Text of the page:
Russia’s widespread and indiscriminate attacks in populated areas of Ukraine are of “immense concern”, the UN rights chief said Wednesday, warning that they could amount to “war crimes”.
Speaking before the UN Human Rights Council in Geneva, Michelle Bachelet said that the entire population of Ukraine had been “enduring a living nightmare” since Russia launched its full-scale invasion five weeks ago.
“The lives of millions of people are in upheaval as they are forced to flee their homes or hide in basements and bomb shelters as their cities are pummelled and destroyed,” she said.
The UN High Commissioner for Human Rights called on Moscow to heed strong international appeals “and immediately act to withdraw its troops from Ukrainian territory.”
Thousands of people are believed to have died and millions have been displaced since the invasion began on February 24.
Presenting her latest report on the rights situation in the now war-ravaged country, Bachelet voiced particular concern over the “persistent use of explosive weapons with wide area effects in populated areas.”
Bachelet said missiles, heavy artillery shells and rockets and airstrikes were causing “massive destruction and damage to civilian objects.”
In addition, she said her office had received “credible allegations that Russian armed forces have used cluster munitions in populated areas at least 24 times”.
The office was likewise probing allegations that Ukrainian forces had also used such weapons, she said.
“Homes and administrative buildings, hospitals and schools, water stations and electricity systems have not been spared,” Bachelet said.
The UN rights office, she said, had verified 77 incidents in which medical facilities were damaged, including 50 hospitals.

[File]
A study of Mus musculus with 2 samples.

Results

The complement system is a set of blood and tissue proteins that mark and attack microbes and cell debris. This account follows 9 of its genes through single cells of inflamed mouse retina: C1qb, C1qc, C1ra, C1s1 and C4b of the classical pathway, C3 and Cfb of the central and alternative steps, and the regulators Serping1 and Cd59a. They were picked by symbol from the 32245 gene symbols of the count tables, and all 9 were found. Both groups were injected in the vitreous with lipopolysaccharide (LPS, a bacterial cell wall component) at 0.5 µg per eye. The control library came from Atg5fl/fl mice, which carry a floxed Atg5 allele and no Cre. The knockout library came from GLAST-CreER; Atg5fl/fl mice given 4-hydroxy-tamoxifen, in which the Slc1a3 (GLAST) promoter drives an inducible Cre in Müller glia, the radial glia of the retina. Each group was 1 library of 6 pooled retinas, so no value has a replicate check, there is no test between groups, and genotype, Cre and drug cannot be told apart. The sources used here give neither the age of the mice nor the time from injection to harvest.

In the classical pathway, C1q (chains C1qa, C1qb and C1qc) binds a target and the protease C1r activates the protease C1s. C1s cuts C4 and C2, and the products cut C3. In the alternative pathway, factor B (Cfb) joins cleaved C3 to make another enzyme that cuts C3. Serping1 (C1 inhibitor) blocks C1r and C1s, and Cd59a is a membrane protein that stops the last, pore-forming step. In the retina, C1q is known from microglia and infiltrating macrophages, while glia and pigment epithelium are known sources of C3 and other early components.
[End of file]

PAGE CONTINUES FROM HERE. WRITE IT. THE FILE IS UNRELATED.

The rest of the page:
Ten of the facilities were completely destroyed, she said, stressing that the actual numbers are “likely to be considerably higher.”
“Indiscriminate attacks are prohibited under international humanitarian law and may amount to war crimes,” Bachelet warned.
The UN typically does not categorically state that war crimes are being committed, since this can only be determined in a court of law.
But the UN rights chief stressed that “the massive destruction of civilian objects and the high number of civilian casualties strongly indicate that the fundamental principles of distinction, proportionality and precaution have not been sufficiently adhered to.”
The UN rights chief said her office had verified recorded 1,189 civilian deaths in Ukraine, including 98 children since February 24.
But she warned that the true toll was surely far higher, pointing out that her staff had little access to verify casualties in some of the hardest-hit areas.
Those include the besieged and devastated southern port city of Mariupol, where Bachelet said “people are living in sheer terror.”
Russian forces have encircled the city and their steady and indiscriminate bombardment has killed at least 5,000 people, but possibly as many as 10,000, according to one senior Ukrainian official.
“Civilians are enduring immeasurable suffering, and the humanitarian crisis is critical,” Bachelet said, pointing out that in many areas across the country people urgently need medical supplies, food, water and shelter.
“Above all, they need the bombs to cease, and the weapons to fall silent,” she said.
In besieged cities especially, Bachelet said her staff had noted “a significant increase in mortality rates among civilians.”
This, she said, “can be attributed to disrupted medical care coupled with conflict-related deprivation and stress.”